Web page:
Permission To Exist
Most of the time I can’t help but feel like there is an inescapable pressure on all of us to be great. That we always have to be in search of perfection. That whatever we encounter has to have some important, deeper meaning. That we must constantly struggle against average.
I wouldn’t classify this as perfectionism so much as I think it is a violent contempt of all things ordinary.
It’s not enough to simply exist; it’s about doing or being something incredible all the time.
It’s not about enjoying the moment; it’s about leveraging the moment to our advantage (and then, of course, hunting down the next incredible moment).
But recently, two questions have materialized in my head:
1. How often do we grant ourselves the permission to simply exist?
(Not the permission to try to be great or amazing or anything earth shattering. Simply the permission to be.)
2. How often do we grant our current surroundings the permission to simply exist?
(Not the permission to be mind blowing or life changing or something that we’ll use to make our friends jealous. Simply the permission for our current surroundings to be.)
In my experience, I have rarely granted my surroundings or myself the permission to simply exist. But more than that, I often find that I am actively fighting against existing when it’s not great or amazing or interesting or deeply meaningful. It can even feel like accepting the ordinary makes us boring and unimportant because we are surrounded by things that are not worth bragging about to other people.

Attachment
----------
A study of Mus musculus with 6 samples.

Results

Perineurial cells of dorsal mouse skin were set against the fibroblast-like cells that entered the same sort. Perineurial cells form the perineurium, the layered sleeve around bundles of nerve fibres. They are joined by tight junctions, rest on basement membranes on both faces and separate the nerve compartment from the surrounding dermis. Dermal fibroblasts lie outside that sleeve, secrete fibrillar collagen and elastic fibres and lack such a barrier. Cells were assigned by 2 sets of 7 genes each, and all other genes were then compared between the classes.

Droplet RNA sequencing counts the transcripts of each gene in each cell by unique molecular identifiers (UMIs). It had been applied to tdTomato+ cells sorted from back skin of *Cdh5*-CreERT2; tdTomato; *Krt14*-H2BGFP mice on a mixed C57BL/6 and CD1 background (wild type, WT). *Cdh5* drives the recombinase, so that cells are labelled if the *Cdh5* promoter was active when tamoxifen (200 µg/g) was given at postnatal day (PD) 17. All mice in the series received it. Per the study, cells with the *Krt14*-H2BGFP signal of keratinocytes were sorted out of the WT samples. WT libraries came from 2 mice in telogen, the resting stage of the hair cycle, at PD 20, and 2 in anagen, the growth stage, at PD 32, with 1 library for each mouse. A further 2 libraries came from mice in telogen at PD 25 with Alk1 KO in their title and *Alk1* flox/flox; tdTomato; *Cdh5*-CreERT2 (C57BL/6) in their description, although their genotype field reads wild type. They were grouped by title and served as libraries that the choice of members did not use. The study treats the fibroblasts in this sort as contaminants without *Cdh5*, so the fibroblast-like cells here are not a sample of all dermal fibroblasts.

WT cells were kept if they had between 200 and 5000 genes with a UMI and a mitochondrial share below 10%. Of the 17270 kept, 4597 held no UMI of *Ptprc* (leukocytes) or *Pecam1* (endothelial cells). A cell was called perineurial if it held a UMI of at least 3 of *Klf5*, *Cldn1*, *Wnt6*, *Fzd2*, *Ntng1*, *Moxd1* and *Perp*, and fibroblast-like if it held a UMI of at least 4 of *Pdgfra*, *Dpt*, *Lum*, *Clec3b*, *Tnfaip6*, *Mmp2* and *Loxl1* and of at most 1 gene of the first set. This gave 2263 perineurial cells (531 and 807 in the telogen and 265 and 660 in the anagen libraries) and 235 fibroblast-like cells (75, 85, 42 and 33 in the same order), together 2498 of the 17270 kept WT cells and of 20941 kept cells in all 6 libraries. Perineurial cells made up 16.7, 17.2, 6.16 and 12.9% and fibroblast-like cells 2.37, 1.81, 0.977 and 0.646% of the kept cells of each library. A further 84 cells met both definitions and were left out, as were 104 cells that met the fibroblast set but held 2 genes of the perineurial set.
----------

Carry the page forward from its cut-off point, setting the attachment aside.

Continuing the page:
In spite of all this, we understand that our current reality will exist whether or not we give it permission.
And if we don’t grant our surroundings and ourselves the permission to exist, it often means we are engaging in a fight we cannot win. We are trying to change something that cannot be changed right now. We are struggling against our current reality in a way that is not worthwhile. And ultimately, this cycle of fighting to no avail leaves us worn down and, on some level, disdainful of ourselves.
And this is problematic.
Because the truth is, the vast majority of life is not extraordinary. The vast majority of life is comprised of mundane events that we slog through on our way to something greater. Of course, there’s beauty in the mundane if we’re able to look at life from the right perspective, but that can be a difficult task to undertake. And if we’re not able to find that perspective and we’re not granting ourselves permission to exist during the ordinary realities of life, we usually end up fighting against our very existence.
But it doesn’t have to be this way. We can avoid fighting this losing battle by granting ourselves and our surroundings the permission to exist. The permission to simply be.
Granting this permission isn’t about settling. Or being complacent. Or not being motivated. Or about accepting things we don’t like and never working to make changes.
It’s about not fighting against the reality of ourselves and our lives at every waking moment. It’s about not driving ourselves insane because everything isn’t delightful and amazing and extraordinary all the time.
It’s about granting ourselves and our surroundings permission to exist without constantly worrying whether or not we’re on the precipice of greatness.
It’s about being okay with the times when we just seem to be here, not doing anything particularly wonderful or noteworthy.
Because sometimes in life, we simply exist. And that’s not a crime or some great life tragedy. It’s a necessary and natural part of life. A part of life that preserves our sanity and actually helps us pursue whatever greatness is in our hearts. Because, more recently, when I’ve been able to grant my surroundings and myself the permission to exist, I’ve found that it gives the amazing and profound aspects of life a better chance to shine through.